Few people know more about commodities than top hedge fund manager Renee Haugerud. And what she sees happening in 'the softs' has her very worried.
Of greatest concern to her is the price of corn (Chicago Board of Trade: CCV1), which has surged in recent months due to sizzling hot temperatures scorching most of the growing region.
And although temperatures are starting to ebb lower, Haugerud says it's too late. "The corn crop for this year is gone," she says. "We can't improve it."
Haugerud tells us that the ripple will be substantial. Corn is used in a wide range of products from candy and ice cream to aspirin and toothpaste.
And considering the harvest is much smaller than expected, "We need to do something about the renewable fuel standard mandate," says Haugerud. If we don't, related prices could surge.
By doing something about the renewable fuel standard or rfs, Haugerud is referring to the use of corn to create ethanol. Currently, about a third of the total harvest goes toward making this fuel.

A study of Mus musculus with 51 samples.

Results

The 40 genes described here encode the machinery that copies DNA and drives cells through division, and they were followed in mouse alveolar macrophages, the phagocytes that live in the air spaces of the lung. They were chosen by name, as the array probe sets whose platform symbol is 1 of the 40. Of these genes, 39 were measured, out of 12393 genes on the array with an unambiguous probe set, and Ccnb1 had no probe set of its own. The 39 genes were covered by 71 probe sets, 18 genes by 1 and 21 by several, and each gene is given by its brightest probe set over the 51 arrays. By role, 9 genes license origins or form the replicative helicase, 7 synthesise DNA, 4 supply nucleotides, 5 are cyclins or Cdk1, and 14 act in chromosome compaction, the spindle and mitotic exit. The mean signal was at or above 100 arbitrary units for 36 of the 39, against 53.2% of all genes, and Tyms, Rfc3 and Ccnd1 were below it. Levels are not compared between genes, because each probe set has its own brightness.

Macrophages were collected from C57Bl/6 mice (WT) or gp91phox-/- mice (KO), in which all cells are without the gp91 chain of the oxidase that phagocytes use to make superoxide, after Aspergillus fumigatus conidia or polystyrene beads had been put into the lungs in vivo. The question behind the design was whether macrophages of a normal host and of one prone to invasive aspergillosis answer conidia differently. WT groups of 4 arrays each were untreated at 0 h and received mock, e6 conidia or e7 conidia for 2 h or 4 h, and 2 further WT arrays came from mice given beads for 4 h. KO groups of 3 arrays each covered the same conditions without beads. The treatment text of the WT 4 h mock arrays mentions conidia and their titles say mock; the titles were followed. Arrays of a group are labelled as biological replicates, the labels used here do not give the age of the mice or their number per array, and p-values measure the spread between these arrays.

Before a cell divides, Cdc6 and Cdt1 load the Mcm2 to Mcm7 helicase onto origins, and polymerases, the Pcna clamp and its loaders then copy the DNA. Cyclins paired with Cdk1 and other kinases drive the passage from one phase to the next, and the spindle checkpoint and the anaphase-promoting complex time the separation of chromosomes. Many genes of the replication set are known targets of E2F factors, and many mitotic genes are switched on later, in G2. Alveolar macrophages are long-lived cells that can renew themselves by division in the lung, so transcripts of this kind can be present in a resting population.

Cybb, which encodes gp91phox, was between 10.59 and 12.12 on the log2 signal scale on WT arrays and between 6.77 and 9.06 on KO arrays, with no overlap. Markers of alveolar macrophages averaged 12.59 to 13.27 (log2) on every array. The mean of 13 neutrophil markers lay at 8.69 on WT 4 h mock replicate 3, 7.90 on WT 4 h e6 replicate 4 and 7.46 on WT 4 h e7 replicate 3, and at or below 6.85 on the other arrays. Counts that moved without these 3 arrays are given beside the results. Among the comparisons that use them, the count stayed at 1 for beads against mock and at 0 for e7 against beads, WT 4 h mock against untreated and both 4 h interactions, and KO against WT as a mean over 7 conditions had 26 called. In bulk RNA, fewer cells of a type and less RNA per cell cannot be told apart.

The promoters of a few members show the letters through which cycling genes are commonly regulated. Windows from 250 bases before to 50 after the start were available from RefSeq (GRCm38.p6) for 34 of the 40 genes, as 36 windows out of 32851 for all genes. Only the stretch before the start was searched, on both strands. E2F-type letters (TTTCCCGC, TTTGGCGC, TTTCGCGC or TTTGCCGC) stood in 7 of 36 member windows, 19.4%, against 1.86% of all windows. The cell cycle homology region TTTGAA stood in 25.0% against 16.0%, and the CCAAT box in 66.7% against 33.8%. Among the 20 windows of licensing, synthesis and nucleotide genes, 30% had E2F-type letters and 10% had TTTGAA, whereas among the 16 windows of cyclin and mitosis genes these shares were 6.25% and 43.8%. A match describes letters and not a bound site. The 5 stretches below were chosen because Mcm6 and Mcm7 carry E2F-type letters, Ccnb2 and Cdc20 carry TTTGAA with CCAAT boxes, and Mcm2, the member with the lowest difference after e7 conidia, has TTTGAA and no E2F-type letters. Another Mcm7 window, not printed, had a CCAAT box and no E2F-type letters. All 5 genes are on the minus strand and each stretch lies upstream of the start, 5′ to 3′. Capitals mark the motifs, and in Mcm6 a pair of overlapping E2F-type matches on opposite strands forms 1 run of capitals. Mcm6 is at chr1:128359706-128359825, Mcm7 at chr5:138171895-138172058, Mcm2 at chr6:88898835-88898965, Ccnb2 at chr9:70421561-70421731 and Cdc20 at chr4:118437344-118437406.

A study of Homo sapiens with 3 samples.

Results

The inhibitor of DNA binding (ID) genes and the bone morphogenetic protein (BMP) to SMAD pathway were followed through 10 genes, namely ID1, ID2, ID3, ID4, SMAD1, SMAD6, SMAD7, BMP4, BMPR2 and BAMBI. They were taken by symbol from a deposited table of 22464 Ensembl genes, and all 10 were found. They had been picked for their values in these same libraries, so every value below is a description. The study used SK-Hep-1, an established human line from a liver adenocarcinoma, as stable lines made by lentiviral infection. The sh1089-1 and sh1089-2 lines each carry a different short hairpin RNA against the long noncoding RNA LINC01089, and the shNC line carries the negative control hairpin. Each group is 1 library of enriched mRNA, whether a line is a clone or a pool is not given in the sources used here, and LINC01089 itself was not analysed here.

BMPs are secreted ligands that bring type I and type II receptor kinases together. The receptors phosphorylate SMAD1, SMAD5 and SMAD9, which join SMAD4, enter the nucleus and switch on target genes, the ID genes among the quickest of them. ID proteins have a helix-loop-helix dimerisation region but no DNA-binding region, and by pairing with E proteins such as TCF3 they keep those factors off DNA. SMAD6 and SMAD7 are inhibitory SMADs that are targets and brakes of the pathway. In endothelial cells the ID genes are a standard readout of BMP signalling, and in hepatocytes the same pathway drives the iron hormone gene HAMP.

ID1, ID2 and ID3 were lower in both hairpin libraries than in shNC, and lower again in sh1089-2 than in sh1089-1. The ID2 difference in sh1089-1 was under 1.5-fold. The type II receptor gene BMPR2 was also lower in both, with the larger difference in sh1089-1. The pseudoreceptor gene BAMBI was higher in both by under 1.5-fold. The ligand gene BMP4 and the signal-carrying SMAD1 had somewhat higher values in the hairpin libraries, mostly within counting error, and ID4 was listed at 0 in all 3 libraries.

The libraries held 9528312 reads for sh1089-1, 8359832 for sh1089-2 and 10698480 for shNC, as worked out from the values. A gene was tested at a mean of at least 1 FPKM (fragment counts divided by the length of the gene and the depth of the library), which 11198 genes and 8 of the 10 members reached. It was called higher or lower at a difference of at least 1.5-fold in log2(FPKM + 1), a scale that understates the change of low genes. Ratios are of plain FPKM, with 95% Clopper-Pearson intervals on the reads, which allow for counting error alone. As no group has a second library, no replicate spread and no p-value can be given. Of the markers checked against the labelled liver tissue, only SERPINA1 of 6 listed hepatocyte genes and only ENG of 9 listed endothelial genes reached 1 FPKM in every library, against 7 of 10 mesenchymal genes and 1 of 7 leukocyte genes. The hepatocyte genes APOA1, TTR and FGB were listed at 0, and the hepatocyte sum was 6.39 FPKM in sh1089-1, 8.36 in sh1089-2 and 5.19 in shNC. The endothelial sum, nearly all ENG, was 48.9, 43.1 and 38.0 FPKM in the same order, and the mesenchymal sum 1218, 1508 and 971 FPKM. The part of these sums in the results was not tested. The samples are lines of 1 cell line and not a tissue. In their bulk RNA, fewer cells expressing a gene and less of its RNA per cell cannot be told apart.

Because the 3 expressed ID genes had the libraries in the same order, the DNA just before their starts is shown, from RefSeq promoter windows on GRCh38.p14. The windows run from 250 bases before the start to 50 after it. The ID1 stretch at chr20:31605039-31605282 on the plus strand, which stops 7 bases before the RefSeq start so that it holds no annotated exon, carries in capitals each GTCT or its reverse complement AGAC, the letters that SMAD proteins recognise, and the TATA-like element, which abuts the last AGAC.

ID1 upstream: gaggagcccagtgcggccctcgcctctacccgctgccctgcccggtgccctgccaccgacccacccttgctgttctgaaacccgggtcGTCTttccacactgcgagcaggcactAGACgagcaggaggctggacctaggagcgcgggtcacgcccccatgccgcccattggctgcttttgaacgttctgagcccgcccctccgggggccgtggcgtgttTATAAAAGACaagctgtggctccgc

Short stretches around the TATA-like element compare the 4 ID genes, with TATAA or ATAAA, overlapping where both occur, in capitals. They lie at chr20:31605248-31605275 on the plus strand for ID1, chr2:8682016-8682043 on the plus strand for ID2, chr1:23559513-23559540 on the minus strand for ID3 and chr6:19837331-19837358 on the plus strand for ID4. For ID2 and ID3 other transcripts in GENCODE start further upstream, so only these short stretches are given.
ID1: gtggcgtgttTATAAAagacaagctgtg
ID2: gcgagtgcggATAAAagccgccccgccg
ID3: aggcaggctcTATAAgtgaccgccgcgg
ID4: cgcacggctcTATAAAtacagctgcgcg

"But so far the government shows no signs of relaxing the mandate."
That's a big problem because it squeezes supply. And Haugerud says supply is what matters right now. "Although demand determined prices earlier in the decade, now it's supply," she says.
Of course that begs the question won't supply increase substantially at some point. After all, the chances of another unseasonably hot and dry summer are slim.
Haugerud says that's not the way to look at the market.
She thinks this year's drought simply accelerated a situation that was already growing quite serious. And that is, supply can't keep up with demand.
"We're hitting a wall on productivity gains," she says, "everything from irrigation to fertilization to genetic engineering."
Unless there's a meaningful development, "Food could be the new distressed asset," she says. And in the near term, "there's no reason that corn can't trade $10," she says.
* Although many people have made similar forecasts, Haugerud's outlook carries weight. Not only is she a top commodity trader, she's a graduate of the University of Montana with a major in forestry- and perhaps equally important - she grew up on a farm.
Haugerud was among the pros profiled in a recent special feature titled Learning from the Legends. Click here to check it out.